AcuteCare Telemedicine Blog

Another Attempt To Expand Medicare Coverage For Telemedicine

Two members of the U.S. House of Representatives are not giving up on expanding Medicare coverage for telemedical services.

In 2012, Glenn Thompson (R-Pennsylvania) introduced legislation amending Title VIII of the Social Security Act with sweeping changes that would allow Medicare payment coverage for nearly all telemedicine services where the corresponding in-person treatment would be covered. That aggressive legislation died in committee, but Glenn is back and has added Rep. Mike Thompson (D-California) as co-sponsor of the Medicare Telehealth Parity Act of 2014. The new bill is less aggressive and seeks to phase-in telemedicine coverage over a four-year period. The phase-in term will allow for measuring the effectiveness of the new coverage and an opportunity for Health and Human Services (HHS) to develop standards for remote patient monitoring and other potential telemedical care.

Current Medicare rules only permit reimbursements for telemedicine services to patients who reside in designated rural areas that are beyond the reach of comprehensive urban healthcare centers. Some critics have complained that the current rules are arbitrary and create situations for some Medicare patients and physicians which restrict access to needed care simply based upon where a patient lives. The new legislation calls for expanded telemedicine coverage in urban areas with a population of 50,000 people or less, and would expand the acceptable care sites from hospitals and doctors’ offices to include retail clinics as well.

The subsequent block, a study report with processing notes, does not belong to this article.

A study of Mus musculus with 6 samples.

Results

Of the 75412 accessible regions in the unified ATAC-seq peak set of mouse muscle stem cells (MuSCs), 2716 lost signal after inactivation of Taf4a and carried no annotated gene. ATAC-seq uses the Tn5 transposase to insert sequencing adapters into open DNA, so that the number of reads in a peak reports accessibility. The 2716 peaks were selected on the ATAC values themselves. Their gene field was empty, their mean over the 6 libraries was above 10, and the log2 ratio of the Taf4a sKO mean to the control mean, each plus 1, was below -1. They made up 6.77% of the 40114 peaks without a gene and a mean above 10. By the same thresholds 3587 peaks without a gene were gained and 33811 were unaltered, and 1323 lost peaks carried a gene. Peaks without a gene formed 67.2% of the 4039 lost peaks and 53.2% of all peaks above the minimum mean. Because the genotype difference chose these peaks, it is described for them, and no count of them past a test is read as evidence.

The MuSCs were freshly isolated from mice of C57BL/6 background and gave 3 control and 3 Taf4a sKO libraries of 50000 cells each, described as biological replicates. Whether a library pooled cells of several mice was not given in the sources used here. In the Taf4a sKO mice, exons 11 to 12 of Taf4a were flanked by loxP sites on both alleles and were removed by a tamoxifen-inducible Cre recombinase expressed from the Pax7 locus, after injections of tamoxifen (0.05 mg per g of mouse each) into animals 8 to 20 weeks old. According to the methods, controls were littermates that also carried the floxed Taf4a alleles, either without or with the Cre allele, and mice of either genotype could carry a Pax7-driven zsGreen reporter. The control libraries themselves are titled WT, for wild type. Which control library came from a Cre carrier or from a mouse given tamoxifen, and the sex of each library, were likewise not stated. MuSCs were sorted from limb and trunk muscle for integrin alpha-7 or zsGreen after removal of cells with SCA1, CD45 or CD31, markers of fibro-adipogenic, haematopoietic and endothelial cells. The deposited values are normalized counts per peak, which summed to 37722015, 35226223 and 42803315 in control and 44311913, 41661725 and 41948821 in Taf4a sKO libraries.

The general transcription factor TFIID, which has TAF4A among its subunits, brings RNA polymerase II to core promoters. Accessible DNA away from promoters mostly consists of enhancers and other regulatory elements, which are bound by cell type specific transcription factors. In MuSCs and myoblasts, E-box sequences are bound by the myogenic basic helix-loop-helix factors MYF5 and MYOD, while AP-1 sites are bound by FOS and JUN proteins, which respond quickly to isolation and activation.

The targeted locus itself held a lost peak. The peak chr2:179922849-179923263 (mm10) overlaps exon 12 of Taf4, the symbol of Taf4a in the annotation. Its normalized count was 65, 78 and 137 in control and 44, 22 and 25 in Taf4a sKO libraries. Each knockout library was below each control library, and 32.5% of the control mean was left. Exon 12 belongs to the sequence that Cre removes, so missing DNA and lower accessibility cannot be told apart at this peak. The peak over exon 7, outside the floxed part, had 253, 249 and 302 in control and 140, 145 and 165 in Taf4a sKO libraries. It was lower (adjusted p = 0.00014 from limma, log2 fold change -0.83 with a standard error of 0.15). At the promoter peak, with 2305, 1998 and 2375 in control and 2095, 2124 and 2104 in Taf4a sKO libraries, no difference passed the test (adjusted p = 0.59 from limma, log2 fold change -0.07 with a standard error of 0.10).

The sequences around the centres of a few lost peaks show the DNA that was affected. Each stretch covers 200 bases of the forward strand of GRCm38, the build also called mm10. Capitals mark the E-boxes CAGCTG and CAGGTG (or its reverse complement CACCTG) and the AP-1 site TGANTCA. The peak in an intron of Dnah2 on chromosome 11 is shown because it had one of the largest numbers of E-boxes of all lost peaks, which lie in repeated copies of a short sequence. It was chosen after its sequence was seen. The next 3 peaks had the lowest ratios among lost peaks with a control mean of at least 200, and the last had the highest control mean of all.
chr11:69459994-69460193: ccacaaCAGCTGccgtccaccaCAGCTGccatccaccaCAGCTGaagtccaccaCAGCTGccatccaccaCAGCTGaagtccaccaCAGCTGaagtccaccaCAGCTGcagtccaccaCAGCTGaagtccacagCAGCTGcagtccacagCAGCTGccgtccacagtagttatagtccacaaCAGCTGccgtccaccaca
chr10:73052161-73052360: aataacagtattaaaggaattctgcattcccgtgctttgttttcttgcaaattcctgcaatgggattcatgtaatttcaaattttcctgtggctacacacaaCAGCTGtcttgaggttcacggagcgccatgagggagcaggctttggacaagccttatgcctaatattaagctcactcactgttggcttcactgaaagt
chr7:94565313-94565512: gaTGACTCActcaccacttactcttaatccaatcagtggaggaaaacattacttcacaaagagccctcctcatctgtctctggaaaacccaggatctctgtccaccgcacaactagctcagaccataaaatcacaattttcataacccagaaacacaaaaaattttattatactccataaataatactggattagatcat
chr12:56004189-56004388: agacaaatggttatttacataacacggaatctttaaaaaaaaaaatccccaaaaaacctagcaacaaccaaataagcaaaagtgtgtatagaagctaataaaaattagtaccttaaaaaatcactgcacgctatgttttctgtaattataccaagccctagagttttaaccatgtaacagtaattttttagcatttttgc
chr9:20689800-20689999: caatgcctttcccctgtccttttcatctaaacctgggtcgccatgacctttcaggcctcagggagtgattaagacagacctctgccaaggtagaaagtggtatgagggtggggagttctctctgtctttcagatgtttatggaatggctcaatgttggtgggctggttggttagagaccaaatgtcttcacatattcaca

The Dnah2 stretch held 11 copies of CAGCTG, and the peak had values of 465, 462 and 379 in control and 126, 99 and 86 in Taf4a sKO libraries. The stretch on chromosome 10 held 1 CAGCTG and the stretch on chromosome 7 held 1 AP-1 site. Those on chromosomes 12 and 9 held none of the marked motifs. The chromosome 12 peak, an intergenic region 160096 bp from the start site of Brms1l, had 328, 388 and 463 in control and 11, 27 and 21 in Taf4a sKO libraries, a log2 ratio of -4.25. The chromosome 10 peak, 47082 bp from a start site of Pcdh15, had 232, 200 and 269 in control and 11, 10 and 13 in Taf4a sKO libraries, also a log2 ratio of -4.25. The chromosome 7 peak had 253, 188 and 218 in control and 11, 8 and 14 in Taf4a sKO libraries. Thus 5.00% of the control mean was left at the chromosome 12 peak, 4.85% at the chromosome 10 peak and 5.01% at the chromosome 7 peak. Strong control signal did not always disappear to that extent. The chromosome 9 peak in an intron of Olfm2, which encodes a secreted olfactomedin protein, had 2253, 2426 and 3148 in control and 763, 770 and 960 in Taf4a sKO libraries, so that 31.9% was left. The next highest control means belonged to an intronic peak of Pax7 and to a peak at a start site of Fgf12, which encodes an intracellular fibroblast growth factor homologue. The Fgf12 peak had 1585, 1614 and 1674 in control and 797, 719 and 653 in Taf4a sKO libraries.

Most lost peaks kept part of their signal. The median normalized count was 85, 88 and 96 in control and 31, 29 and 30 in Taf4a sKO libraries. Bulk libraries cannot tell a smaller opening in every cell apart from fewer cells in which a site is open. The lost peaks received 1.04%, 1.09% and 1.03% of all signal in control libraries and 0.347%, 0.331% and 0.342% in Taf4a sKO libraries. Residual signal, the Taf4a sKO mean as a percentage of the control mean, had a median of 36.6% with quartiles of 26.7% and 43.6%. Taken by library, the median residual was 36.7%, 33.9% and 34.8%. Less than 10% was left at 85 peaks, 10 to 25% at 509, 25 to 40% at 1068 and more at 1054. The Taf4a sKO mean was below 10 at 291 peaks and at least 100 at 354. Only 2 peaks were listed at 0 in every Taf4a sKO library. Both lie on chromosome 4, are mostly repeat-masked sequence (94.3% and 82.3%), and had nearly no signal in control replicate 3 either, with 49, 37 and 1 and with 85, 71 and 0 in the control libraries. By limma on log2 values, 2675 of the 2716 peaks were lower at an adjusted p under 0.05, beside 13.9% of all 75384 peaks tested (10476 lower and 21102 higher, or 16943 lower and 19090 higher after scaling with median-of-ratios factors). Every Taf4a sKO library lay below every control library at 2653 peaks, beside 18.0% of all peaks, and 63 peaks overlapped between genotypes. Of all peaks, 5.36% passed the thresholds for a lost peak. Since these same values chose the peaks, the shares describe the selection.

Two years after enacting the new bill, coverage would expand to urban areas with a population between 50,000 and 100,000, and would add home telehealth to the acceptable care sites. Also, outpatient services like speech therapy and physical therapy would be added as a covered category for reimbursable telehealth services.

After four years, telemedicine would become reimbursable everywhere, under the provisions of the Act. Medical care provided by phone or email alone would not be covered.  After the second year the legislation requires the United States comptroller to conduct a study to determine the efficacy and potential savings to Medicare from telemedicine.

Often for very legitimate reasons changes in well-established government sponsored programs do not seem to come about quickly, but this new bill provides the opportunity “to test the water,” evaluate the ongoing progress and allows for adjustments along the way to insure its effectiveness. It is also encouraging that the legislation has bi-partisan sponsorship and support. Perhaps it is time another barrier to telemedicine’s benefits be set aside in the interest of patients and the doctors and caregivers dedicated to delivering their care.